Super Typhoon Mangkhut: engineer warns massive storm could put structural safety of Hong Kong-Zhuhai-Macau mega bridge to test

Whether bridge can withstand destructive force of storm depends on height of waves at artificial islands, structural engineer Ngai Hok-yan says

PUBLISHED : Thursday, 13 September, 2018, 10:11pm
UPDATED : Friday, 14 September, 2018, 8:33am

The structural safety of the multibillion-dollar Hong Kong-Zhuhai-Macau bridge could be put to the test by a super typhoon predicted to be the most powerful in Hong Kong’s history, an engineering expert has warned.

That came as Super Typhoon Mangkhut edged ever closer to Hong Kong, prompting residents to take precautionary measures to safeguard their properties.

Predicted to be the most powerful storm since records began, with maximum sustained winds of up to 205km/h (127mph), the tropical cyclone is forecast to pass within 100km (62mph) of the city on Sunday morning.

Concerns had previously been raised over the structural safety of the city’s mega projects especially the bridge linking Hong Kong to Zhuhai and Macau as the main stretch was situated in the Pearl River Estuary’s Lingdingyang waters and prone to strong winds.


In April, interlocking concrete blocks placed around the edges of an artificial island – which connects the Hong Kong bridge section to a tunnel in mainland China waters – sparked safety fears as they appeared to have drifted.

But the bridge authority later clarified the blocks, known as dolosse and which serve as protection against breaking waves, were specially designed to be submerged in a “random manner” to avoid exerting too much pressure on the undersea tunnel.


Structural and geotechnical engineer Ngai Hok-yan said the artificial islands in mainland waters and at the Macau side would face a greater risk from Mangkhut than the one at Hong Kong’s Chek Lap Kok which was partly protected by Lantau Island.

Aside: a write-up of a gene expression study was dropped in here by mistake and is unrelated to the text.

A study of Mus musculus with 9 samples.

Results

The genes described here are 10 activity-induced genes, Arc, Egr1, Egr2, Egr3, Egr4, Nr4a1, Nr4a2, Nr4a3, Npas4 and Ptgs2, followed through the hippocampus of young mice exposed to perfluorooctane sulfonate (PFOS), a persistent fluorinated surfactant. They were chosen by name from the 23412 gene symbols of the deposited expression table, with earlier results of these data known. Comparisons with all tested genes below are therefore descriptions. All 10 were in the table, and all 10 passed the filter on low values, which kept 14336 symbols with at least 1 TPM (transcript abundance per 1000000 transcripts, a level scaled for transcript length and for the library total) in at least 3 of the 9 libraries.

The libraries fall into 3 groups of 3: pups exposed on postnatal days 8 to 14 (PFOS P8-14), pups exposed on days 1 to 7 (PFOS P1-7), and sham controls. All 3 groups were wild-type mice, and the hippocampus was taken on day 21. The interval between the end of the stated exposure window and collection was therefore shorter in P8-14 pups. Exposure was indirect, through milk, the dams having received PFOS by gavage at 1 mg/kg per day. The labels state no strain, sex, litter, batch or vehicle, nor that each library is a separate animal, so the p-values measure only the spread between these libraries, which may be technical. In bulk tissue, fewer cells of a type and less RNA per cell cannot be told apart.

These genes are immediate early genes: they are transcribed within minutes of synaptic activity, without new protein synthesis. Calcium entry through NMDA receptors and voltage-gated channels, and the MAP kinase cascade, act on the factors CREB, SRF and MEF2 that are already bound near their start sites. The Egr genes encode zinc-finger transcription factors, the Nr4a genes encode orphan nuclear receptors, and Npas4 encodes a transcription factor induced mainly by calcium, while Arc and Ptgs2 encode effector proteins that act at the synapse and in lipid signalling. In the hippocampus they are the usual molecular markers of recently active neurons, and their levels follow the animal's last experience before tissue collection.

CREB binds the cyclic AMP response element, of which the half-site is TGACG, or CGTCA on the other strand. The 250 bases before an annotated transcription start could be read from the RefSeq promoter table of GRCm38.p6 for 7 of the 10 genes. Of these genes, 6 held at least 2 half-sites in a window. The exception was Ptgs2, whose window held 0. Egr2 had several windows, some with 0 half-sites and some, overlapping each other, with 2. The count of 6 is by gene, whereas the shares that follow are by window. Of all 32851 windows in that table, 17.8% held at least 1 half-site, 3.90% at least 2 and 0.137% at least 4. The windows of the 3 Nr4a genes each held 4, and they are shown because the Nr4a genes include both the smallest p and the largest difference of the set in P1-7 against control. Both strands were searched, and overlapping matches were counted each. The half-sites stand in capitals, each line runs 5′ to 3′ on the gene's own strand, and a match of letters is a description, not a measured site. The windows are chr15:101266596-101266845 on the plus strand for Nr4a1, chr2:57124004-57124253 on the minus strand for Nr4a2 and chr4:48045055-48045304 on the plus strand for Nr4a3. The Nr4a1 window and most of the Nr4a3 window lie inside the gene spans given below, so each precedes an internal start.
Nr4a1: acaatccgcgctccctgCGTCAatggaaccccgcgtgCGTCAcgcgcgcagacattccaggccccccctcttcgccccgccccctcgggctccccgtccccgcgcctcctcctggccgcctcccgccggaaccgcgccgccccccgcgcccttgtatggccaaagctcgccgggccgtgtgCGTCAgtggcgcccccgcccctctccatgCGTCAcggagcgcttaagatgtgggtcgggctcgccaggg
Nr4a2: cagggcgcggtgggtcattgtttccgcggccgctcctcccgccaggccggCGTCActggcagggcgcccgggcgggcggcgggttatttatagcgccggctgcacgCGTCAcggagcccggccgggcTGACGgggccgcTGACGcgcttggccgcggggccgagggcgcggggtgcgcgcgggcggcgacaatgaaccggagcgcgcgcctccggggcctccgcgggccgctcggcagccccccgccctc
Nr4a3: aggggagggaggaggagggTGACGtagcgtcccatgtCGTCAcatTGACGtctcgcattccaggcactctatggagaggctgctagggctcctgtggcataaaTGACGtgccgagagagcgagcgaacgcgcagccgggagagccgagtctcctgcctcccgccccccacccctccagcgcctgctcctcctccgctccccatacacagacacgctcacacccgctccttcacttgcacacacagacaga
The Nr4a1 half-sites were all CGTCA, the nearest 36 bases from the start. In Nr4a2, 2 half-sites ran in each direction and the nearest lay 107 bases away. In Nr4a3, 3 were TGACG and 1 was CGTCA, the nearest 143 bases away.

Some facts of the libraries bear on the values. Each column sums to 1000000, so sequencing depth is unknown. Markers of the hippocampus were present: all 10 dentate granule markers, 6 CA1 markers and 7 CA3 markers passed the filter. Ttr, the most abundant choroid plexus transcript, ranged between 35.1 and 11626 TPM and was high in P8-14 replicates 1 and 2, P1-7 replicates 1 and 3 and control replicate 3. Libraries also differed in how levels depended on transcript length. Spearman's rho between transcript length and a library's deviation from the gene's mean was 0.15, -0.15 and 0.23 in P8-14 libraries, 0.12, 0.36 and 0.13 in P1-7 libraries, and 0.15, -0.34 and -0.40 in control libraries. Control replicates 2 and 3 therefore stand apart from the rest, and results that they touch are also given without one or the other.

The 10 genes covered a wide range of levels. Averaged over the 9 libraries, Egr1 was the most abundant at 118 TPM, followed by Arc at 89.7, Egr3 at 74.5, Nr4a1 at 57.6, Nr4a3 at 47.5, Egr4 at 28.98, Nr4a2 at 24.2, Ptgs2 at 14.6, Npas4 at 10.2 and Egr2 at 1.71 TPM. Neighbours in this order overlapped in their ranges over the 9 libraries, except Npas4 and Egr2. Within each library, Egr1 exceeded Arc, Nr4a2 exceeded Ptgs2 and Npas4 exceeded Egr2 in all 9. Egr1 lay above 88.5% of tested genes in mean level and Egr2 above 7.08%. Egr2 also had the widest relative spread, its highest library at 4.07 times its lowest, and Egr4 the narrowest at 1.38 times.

“Whether the bridge can withstand the destructive force of Super Typhoon Mangkhut depends on the height of the waves at the artificial island,” he said.


“If the waves are higher than four metres, then there is a chance these protective blocks will be washed away, and very quickly. Depending on the wind direction, the waves could be as high as six metres according to American forecasts,” he said.

“Without the protection of the dolosse, the worst case scenario would see the undersea tunnel detach from the artificial island and float above the sea, and also the collapse of the island.”

Ngai added the Macau artificial island was subject to a greater risk because it faced the sea.

Hong Kong has so far committed to contributing about HK$10.7 billion (US$1.38 billion), or 43 per cent, of the main bridge’s construction cost. However, the Hong Kong government will also end up spending another HK$110 billion to build the city’s connection to the main bridge.

In a circular released on Wednesday, the Buildings Department called for property management agents to take precautionary measures to avoid potential destruction caused by Mangkhut, including inspecting roofs, basements, drains, scaffolding, slopes and retaining walls, and providing pumping equipment in areas of flooding risk and proper protection materials for windows.

“The associated heavy rain, squalls, and storm surge may pose a threat to Hong Kong, particularly the coastal and low-lying areas … From past experience, many public and building safety incidents could have been avoided if proper precautionary measures had been taken,” it said.

As for the Tsing Ma Bridge and Ting Kau Bridge leading to Hong Kong International Airport, they will be subject to traffic management in phases according to the storm’s wind speed.

When the mean speed on the Ting Kau Bridge exceeds 65km/h (40mph), it will be completely closed. The Tsing Ma Bridge will be completely closed if the wind speed exceeds 165km/h (102mph).